Virginia’s Hurricane Sales Tax Holiday
May 20, 2009
Businesses and consumers in Virginia are preparing for the state’s Hurricane Preparedness Sales Tax Holiday. The suspension of the sales tax, an event as regular as the hurricane season itself, will last from May 25 to May 31 this year. Certain products that are deemed necessary for hurricane preparedness are exempt from sales tax during this time. Sales tax holidays are popular with state lawmakers across the country, but they are not good tax policy.
We’ve written before on why sales tax holidays are bad tax policy. The holidays violate the principles of neutrality and stability because they favor the purchase of certain products over others and certain time periods for those purchases over other time periods. Even so, some would argue that those are precisely the goals of this holiday and that these distortions are necessary to help people prepare for hurricane season.
But there are other more practical problems with sales tax holidays. The distinctions that are made regarding which products are eligible and when they are eligible are rather arbitrary. Cell phone chargers are exempt but laptop chargers are not. Duct tape is exempt but not masking or electrical tape. And why are the worthy products only exempt for one week? If a generator is really necessary for the safety of families and the sales tax is keeping them from making this purchase, why not exempt generators all year? The reason for these inconsistencies is that sales tax holidays are political gimmicks designed to look like tax cuts and generate good PR for politicians. Sales tax holidays may provide a small benefit a few consumers, but they do not provide a substantial benefit to society as a whole.
Plus tax holidays are costly for retailers. Businesses must waste time and labor reprogramming their computer systems for one week to ensure they are in compliance with the law. The most obvious example of this burden would be your local cell phone kiosk that for one week will have to collect tax on all their products except phone chargers. Some argue that sales tax holidays benefit businesses by increasing sales, but there is evidence that most of the increase in sales really represents a shift in sales from one time period to another and therefore does not provide a benefit to the business or economy as a whole.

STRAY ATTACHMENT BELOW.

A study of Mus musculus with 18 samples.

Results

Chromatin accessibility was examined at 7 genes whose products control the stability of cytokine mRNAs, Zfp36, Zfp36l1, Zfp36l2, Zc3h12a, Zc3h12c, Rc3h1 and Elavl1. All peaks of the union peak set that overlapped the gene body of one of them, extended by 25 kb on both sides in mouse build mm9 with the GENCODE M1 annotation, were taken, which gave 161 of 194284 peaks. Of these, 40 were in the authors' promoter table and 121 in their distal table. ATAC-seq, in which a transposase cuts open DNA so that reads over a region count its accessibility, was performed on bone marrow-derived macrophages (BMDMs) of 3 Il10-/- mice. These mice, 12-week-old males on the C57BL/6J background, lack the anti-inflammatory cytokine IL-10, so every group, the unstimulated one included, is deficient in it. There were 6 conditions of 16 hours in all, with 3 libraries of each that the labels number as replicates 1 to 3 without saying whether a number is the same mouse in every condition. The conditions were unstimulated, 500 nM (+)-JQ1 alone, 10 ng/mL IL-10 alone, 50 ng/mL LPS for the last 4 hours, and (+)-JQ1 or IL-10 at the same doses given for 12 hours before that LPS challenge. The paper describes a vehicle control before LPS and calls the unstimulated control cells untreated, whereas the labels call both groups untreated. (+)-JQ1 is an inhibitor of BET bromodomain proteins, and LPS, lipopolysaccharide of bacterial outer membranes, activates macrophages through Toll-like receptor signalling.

Overall, a better idea than a sales tax holiday would be a real, broad-based, permanent reduction in sales tax. Side note: An interesting provision of the Virginia hurricane sales tax holiday says that during the holiday retailers are allowed to “absorb” the tax on items that are not listed as exempt. Generally, it is illegal for a business to say that it will pay the purchaser’s sales tax, but for some reason during the hurricane holiday Virginia has chosen to allow this practice. The retailer must still remit the tax to the state, but they can choose to not collect the tax from consumers.